To prove it is safe for astronauts, the company tested its Crew Dragon capsule’s rescue system.
The CST-100 Starliner astronaut capsule was successfully launched from Cape Canaveral in Florida, but an automated timer error prevented the spacecraft from attaining the orbit.
The case stems from a public quarrel between Musk and Unsworth, who gained fame for his leading role in coordinating the successful rescue of 12 boys and their soccer coach from a flooded cave in Thailand in July 2018.
At the unveiling of the all-electric battery-powered Cybertruck, Tesla co-founder Elon Musk dared an assistant to throw a steel ball bearing at the vehicle - only to see the armoured glass smash. A second such attempt produced even worse result.
The company raised $486.2 million in an equity offering, starting December, and another $535.7 million in an offering that began in April, its regulatory filings on Friday showed.
The launch came a week after two back-to-back countdowns for the mission were scrubbed - once due to high winds over the Cape and the next night in order to update satellite software and "triple-check" all systems.
Falcon Heavy carried a communications satellite for Saudi-based telecom firm Arabsat, which will beam internet and television services over Africa, Europe and the Middle East.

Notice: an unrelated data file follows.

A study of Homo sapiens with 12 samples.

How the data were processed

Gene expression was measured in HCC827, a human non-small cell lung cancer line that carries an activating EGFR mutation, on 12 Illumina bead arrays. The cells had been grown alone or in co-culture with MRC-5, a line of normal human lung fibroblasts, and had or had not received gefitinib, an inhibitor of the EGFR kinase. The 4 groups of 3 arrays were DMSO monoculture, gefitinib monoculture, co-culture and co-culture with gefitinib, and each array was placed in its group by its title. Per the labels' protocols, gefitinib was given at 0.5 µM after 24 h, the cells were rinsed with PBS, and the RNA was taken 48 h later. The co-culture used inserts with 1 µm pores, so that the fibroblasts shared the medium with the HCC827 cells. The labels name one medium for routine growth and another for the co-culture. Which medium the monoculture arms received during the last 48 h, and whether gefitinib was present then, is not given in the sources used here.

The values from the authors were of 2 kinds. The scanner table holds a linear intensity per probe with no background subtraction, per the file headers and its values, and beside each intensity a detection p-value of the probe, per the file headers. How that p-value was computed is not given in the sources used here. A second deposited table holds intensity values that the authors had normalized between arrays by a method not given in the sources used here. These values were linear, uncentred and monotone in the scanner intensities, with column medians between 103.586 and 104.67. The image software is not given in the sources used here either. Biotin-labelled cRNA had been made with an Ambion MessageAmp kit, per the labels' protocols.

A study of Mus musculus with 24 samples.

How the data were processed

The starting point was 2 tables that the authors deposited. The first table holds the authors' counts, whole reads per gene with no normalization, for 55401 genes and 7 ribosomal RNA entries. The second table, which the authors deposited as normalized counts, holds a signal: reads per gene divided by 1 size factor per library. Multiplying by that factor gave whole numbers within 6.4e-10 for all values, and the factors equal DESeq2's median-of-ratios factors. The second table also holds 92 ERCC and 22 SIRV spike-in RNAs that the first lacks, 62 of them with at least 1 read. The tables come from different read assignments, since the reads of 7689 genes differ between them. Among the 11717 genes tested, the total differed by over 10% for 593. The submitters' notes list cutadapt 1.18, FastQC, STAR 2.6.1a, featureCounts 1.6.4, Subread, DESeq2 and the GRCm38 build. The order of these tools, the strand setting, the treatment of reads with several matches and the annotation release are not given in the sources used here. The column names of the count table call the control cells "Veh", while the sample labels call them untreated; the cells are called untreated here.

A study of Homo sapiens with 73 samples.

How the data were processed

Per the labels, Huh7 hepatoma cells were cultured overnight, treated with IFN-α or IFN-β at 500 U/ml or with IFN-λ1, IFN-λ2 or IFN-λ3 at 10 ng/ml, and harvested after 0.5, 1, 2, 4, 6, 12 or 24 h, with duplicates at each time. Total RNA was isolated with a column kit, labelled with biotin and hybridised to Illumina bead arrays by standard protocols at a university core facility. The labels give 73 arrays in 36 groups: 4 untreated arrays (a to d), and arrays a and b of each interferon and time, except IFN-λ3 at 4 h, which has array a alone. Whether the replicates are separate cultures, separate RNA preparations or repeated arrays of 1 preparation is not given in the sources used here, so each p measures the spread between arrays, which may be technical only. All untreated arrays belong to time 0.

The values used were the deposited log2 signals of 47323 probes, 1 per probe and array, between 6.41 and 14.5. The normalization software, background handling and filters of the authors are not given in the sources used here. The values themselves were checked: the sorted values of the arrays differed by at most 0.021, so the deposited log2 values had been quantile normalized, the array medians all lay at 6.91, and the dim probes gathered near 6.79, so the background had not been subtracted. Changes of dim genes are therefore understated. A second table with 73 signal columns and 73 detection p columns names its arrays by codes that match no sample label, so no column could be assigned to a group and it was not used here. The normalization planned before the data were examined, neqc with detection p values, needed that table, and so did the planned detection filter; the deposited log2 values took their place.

Live footage from NASA showed the capsule's four main parachutes opened without a hitch, and it splashed down at 8:45 am (1345 GMT).
The Elon Musk founded company is using the flight as a test, before it plans to put two astronauts on board later this year.
The only passenger was a life-size test dummy, named Ripley after the lead character in the "Alien" movies. SpaceX needs to nail the debut of its crew Dragon capsule before putting people on board later this year.
The 585-kilogram Beresheet, which means 'Genesis' in Hebrew, lifted off at 8:45 pm (0145 GMT Friday) atop a Falcon 9 rocket from the private US-based SpaceX company of entrepreneur Elon Musk.
The company said it will “part ways” with some of its manpower, citing “extraordinarily difficult challenges ahead.”